Tuilagi can 'demolish' All Blacks - Jones

Eddie Jones (Getty)
Eddie Jones (Getty)

London - Head coach Eddie Jones has cited Manu Tuilagi's display in England's 2012 win over New Zealand as one of the reasons why he has handed the hulking centre a recall. 

Tuilagi, 26, starred in England's 38-21 defeat of New Zealand in 2012, but has played just 20 minutes of Test rugby since Jones became head coach in December 2015 due to a succession of serious injuries. 

The Leicester man has been named in a 37-man training squad and Jones is hopeful that if England and the All Blacks cross paths at the 2019 World Cup, Tuilagi will be ready for battle.

"I caught up with Manu before the tour (to Argentina in June). We went to a cafe in Leicester," Jones told a press conference at Twickenham on Friday. 

"We're confident he's moving in the right direction, but he's still a hell of a long way away from playing Test rugby. 

"We'll just have a look at him at the camp and take it from there. I've got no idea where he is really until we see him. 

"But I do know he can demolish the All Blacks, so he's worth time, he's worth effort and worth a lot of care. Manu's just got to get fit and healthy."

Eight of England's British and Irish Lions players have been left out of the three-day training camp in southwest London.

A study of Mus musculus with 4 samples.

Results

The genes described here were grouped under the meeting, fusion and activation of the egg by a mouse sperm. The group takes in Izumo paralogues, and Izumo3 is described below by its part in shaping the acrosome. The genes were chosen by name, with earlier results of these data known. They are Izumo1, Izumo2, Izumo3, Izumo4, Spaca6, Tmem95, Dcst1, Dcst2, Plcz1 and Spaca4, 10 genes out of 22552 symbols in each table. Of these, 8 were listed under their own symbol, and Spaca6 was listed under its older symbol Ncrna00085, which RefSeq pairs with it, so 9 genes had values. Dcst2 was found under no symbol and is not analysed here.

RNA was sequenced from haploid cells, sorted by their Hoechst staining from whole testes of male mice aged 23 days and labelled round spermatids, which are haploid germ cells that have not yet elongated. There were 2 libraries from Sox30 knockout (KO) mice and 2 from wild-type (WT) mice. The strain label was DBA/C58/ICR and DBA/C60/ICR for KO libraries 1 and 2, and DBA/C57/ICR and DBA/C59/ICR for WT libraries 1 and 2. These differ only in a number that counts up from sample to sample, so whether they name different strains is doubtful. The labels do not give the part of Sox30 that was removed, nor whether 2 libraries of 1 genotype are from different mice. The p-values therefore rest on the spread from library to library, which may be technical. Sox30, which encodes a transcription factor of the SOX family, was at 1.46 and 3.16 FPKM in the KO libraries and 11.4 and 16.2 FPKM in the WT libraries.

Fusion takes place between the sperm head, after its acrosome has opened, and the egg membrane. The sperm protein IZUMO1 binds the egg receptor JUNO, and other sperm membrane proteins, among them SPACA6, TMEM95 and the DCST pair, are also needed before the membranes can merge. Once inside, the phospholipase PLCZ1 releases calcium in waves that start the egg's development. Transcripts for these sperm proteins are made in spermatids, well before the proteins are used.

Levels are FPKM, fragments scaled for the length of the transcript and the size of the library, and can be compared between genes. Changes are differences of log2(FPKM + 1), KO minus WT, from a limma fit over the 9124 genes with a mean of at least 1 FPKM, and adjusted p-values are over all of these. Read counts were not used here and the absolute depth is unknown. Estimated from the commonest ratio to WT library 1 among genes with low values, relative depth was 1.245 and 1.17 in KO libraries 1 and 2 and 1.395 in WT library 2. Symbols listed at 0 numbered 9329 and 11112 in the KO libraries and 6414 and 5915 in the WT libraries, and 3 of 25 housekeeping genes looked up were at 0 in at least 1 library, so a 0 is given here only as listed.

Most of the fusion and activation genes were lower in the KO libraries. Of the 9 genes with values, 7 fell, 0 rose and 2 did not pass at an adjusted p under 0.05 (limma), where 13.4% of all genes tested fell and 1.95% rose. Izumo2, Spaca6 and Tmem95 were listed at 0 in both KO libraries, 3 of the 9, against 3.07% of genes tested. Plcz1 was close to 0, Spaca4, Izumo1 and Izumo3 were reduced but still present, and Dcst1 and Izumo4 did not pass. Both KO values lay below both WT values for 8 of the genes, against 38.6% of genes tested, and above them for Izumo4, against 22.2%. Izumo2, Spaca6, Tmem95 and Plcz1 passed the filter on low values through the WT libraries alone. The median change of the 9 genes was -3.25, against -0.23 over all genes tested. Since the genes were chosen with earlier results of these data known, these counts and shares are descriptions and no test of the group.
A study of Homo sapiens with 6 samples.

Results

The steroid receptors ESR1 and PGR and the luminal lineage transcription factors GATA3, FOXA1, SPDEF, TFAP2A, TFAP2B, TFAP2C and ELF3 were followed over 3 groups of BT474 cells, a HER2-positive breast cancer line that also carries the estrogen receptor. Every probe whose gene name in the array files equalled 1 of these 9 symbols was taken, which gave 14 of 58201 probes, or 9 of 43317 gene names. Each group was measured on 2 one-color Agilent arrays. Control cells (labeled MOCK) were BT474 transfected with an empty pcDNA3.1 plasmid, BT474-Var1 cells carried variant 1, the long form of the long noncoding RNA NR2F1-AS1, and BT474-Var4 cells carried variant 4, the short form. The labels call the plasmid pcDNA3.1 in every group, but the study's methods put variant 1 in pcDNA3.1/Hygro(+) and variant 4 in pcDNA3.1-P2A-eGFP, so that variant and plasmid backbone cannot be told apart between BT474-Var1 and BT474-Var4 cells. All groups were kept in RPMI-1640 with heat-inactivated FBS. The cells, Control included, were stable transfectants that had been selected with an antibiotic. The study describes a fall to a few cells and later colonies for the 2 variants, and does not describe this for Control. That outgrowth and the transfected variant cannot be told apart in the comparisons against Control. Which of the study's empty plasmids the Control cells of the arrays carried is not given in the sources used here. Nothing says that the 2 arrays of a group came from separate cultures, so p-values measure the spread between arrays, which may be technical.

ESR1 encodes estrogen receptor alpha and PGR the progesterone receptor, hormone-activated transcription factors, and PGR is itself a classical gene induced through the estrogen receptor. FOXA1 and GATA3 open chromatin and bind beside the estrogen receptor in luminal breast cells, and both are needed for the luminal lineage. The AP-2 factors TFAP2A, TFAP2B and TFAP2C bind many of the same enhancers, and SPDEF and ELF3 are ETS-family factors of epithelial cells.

Jones said he would be happy to rest players in England's November Tests against Argentina, Australia and Samoa. 

Discussing the importance of having back-up options, he also mischievously suggested back-to-back world champions New Zealand lack depth in their squad, making them "more vulnerable". 

"The next 18 months is crucial in us finalising our World Cup squad," Jones said. 

"We're probably 75 percent down the road. So that other 25 percent, we've got greater competition and greater depth. 

"Just look at how important depth is in world rugby. New Zealand for probably the first time ever probably are experiencing some problems with their depth. 

"There are definitely some gaps in New Zealand's team they didn't previously have. 

"I think they'll fix it, but it certainly makes them more vulnerable than they were before, and we saw that in the Lions series."